Last month we looked at violence and how a collaborative effort in the early years can transform stereotypical attitudes and behaviour in boys, and help reduce violence against women and girls.  This month we look at how we can best support girls to become women of purpose and resolve.

A girl’s identity is informed by her genes, temperament, parents, home environment, friends, and the world around her. Early years providers have the opportunity to help girls become robust and confident individuals in their early years, impacting resilience for life. 

Social roles and norms are formed early and stick around for life unless challenged. ‘Boys will be boys,’ ‘Girls are sissies.’ Girls are often seen as ‘bossy’ or ‘interfering’ when displaying their confidence or assertion. Boys, on the other hand, are more likely to be praised for being assertive. What a contradiction! 

In a recent meeting with several early years, primary and secondary teachers, the conversation turned towards girls’ confidence throughout school. It was every teacher’s experience that girls speak up less and ‘let the boys do the talking.’ In short, boys dominated. Even in a gender equality lesson, it was observed that the boys answered the questions or debated the point. The girls were silent. Why were girls less likely to speak out? The teachers’ collaborative view was that girls’ confidence gradually weakened as the girls got older, with a pronounced dip in secondary school. 

Building skills that counter violence

Young girls need to know that that they can thrive not only irrespective of, but because of their gender. 

Providers need to ensure that girls have a keen awareness that they are true equals in every aspect of their development. This begins with the skill of confidence. Confidence grows with support and flourishes when encouraged. It is vital that we start this process right at the start of a child’s life. 

Gauge the confidence levels of every girl in your setting. This is a crucial starting point, as the self-reliance that accompanies a strong sense of self is key to creating women who feel empowered.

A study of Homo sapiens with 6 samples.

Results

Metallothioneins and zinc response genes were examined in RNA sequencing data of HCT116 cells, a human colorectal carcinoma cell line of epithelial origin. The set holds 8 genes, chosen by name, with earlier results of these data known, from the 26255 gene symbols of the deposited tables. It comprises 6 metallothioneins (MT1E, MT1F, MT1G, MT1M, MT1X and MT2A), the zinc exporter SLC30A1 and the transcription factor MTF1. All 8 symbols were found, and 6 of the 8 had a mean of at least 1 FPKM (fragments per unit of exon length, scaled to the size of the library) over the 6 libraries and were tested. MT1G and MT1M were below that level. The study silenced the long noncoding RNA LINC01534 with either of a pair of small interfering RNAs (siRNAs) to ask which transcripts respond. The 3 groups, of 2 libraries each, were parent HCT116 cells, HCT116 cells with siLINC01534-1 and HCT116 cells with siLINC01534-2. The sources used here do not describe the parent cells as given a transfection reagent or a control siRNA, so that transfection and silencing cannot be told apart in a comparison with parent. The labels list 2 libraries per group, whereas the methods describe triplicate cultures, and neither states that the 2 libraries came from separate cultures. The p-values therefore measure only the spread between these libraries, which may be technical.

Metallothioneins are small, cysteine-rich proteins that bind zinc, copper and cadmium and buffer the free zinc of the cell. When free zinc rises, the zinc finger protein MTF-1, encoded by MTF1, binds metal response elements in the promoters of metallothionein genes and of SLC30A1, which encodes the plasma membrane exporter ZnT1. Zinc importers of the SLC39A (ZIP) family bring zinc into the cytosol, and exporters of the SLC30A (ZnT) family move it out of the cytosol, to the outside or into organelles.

Start the process by completing the confidence outcomes below for each girl. (1)

How did they do? Have you noticed a pattern? If each girl’s confidence levels are strong, keep doing what you are doing. If there are gaps, then follow the activities, and then re-assess the girls after a few weeks. 

Choice and voice 

Empowerment is the expansion of choice and the strengthening of voice through the transformation of power relations, so women and girls have more control over their lives and futures. (Eerdewijk et al 2017)

Girls’ habits and practices around choice and voice are key to their identity. For girls to be truly empowered, we need to ask ourselves the following questions:

Does the provision:
  • Support girls in making choices and having control over their actions? 
  • Empower girls to act and realise aspirations right from the start, regardless of social norms, so that they have achievable hopes and desires? 
  • Encourage girls to express themselves? 
  • Encourage girls to negotiate? 

A new social norm

Social norms are subtle, insidious, and potentially toxic. They are the breeding ground for shaping rules about behaviour and habits that may well be harmful to both boys and girls. They potentially devalue the potential of girls across many areas of learning, particularly later on in school, where girls may perceive themselves as not ‘smart’ enough for science or maths choices.   

We need to embrace a mindset where we are keenly sensitive to all gender and social norms, ensuring that they never impact the learning of girls or the future potential of women. Awareness must be planted deep within the framework of what is taught and shared with our youngest citizens.  

Attitudes around girls or women being weak, or in need of protection, or striving harder to get ahead are myths based on the social and gender norms that have shaped our society for centuries. Such stereotypical assumptions based on ‘shared’ traits should have no place in our education system. 

Everyone is different. Everyone is diverse. Everyone is an individual. Our shared traits are to be celebrated, not conformed to. This is our new social norm! 

References

  •  Arc Pathway

About the author:

Helen is a mother of 4 and a committed and experienced early years consultant. She is Education Director at Arc Pathway, a sensitive profiling and next steps early years platform for teachers and parents. She has a wealth of experience in teaching, both in the primary sector and early years, co-founding and running her own pre-school in 2005. Helen has written books for the early years sector, including Developing Empathy in the Early Years” (winner of the Nursery World Awards Professional Book Category 2018) and Building a Resilient Workforce in the Early Years” (Early Years Alliance 2019). She regularly writes for early years publications such as Nursery World. 

Helen can be contacted via LinkedIn.